His son’s summer adventures bring back memories of growing up for columnist Chris HuntThe fear was there.
My son laughed as he ran along his grandparent’s dock on the Ottawa River, but I knew what would happen once he reached the edge. He’d stop and teeter, too afraid to jump.
I knew, because that’s what had happened that entire summer’s afternoon.
This time though, his grandfather was in the water waiting for him. He held out his hands and said “Riley, jump.” And when my son wavered, his grandfather stretched his hands even further. “Trust me.”
And with that, Riley jumped.
Watching that moment reminded me of the time my sister Jennie taught me how to swim. Well, that’s how she tells the story.
When I tell it, I recall it as attempted murder.
In fact, her favourite pastime was finding creative ways to make my life miserable.
There was that time she kidnapped me to play Bloody Mary. That’s where you turn off the lights in a bathroom and chant Bloody Mary three times, at which point an angry Mary is supposed to come through the mirror and mutilate everybody.
My sister’s friends thought it’d be a fun thing to do. “But who’s stupid enough to believe a person would come through a mirror?” they asked.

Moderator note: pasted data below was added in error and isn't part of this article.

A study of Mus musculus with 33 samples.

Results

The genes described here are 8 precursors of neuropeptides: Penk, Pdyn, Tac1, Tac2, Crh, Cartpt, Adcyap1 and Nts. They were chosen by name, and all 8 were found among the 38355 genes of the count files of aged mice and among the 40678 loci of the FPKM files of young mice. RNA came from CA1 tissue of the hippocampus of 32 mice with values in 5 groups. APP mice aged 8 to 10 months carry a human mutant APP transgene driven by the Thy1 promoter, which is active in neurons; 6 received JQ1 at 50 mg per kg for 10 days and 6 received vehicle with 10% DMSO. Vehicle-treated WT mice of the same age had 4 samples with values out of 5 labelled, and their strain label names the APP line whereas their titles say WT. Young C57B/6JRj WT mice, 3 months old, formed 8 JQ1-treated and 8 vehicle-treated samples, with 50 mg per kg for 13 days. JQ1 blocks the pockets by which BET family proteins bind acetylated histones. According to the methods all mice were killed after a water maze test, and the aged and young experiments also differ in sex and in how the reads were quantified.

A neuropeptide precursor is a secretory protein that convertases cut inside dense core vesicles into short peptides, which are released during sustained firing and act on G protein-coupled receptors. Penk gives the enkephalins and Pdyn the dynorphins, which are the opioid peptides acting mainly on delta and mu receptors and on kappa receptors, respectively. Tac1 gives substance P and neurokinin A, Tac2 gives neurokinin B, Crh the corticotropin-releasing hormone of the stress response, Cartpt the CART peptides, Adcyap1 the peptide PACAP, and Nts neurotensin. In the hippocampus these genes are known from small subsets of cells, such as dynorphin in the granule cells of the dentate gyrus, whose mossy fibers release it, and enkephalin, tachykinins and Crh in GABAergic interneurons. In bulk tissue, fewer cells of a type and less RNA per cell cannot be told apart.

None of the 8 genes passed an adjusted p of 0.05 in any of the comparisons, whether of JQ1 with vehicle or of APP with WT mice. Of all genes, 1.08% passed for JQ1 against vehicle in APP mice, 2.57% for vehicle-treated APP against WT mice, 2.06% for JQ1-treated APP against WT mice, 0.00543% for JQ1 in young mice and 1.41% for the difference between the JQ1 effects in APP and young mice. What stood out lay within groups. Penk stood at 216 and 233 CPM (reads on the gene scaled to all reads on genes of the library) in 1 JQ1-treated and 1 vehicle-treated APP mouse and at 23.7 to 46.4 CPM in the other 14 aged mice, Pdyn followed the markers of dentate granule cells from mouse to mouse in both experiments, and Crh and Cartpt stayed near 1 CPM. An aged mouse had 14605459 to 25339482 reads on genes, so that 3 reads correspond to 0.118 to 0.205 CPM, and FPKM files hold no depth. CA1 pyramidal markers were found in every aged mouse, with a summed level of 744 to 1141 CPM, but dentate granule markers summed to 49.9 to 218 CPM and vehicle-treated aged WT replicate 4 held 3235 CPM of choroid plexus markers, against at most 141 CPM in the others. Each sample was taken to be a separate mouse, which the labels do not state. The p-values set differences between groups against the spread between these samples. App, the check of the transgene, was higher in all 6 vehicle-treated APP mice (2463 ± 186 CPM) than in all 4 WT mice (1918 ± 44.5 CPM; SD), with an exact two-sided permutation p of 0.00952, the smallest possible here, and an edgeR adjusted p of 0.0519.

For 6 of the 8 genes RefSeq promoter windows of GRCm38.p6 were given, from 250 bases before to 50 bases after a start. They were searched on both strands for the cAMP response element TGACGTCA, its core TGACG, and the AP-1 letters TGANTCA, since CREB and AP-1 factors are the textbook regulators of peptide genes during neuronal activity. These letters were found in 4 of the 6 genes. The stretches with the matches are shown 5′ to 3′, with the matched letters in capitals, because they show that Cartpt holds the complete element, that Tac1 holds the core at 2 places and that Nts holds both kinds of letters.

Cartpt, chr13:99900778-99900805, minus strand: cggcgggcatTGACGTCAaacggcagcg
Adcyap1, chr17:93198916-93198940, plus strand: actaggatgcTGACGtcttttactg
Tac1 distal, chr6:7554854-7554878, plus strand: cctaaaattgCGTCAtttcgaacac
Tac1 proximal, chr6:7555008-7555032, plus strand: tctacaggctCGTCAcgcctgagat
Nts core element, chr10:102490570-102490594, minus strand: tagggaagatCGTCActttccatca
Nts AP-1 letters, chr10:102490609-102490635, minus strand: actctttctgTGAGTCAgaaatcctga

“Let’s find my baby brother,” my sister replied.
They found me, locked me in the bathroom and chanted Bloody Mary three times. On the third Mary they screamed and flickered the lights.
I couldn’t go to the bathroom on my own for weeks. Which turned out to be quite the punishment for Jennie, because my mother made her accompany me every time I pooped.
This probably fueled the first instance where she actively tried to kill me. She found a grocery cart and brought it to the top of a hill and called me over.
“Want a ride?”
Stupidly unsuspecting, I got in and she promptly hurled me down that hill. Right into the busy intersection below.
Imagine my reluctance later that summer when Jennie invited me to go swimming.
I didn’t know how to swim. My mother had almost drowned as a kid, and she only brought it up anytime someone mentioned swimming. Or water. Or drowning. In short, I was afraid of water. And my sister.
But Jennie took me by the hand and said, “Trust me.”
And in that instant, I did.
She put me in a tube and swam me to the middle of the pool and left me in peace. At first, I was afraid. But the sun was so warm and so relaxing, I began to drift asleep.
I would’ve too, if I hadn’t started to drown. My sister had slowly double-backed and tipped my tube.
I flailed and choked on water. I frantically waved my arms at the lifeguard, who was drinking a slushie. He enthusiastically waved back.
Long story short, I swam that day. When I finally made it to the edge of the pool, I was exhausted. But I’d learned something.
It was the same thing Riley was to learn on the dock as he jumped into his grandfather’s outstretched arms.
“See, you’re fine right?” his grandfather asked as Riley wiped water out of his eyes.
I’d never seen Riley look so content. He gazed into his grandfather’s face and nodded. The fear was gone.
And that’s when his grandfather tossed Riley over his shoulder and into the river behind him. When my boy surfaced, the look of rage on his face was palpable. But he was swimming.
And more important, he learned to never trust someone who says: “Trust me.”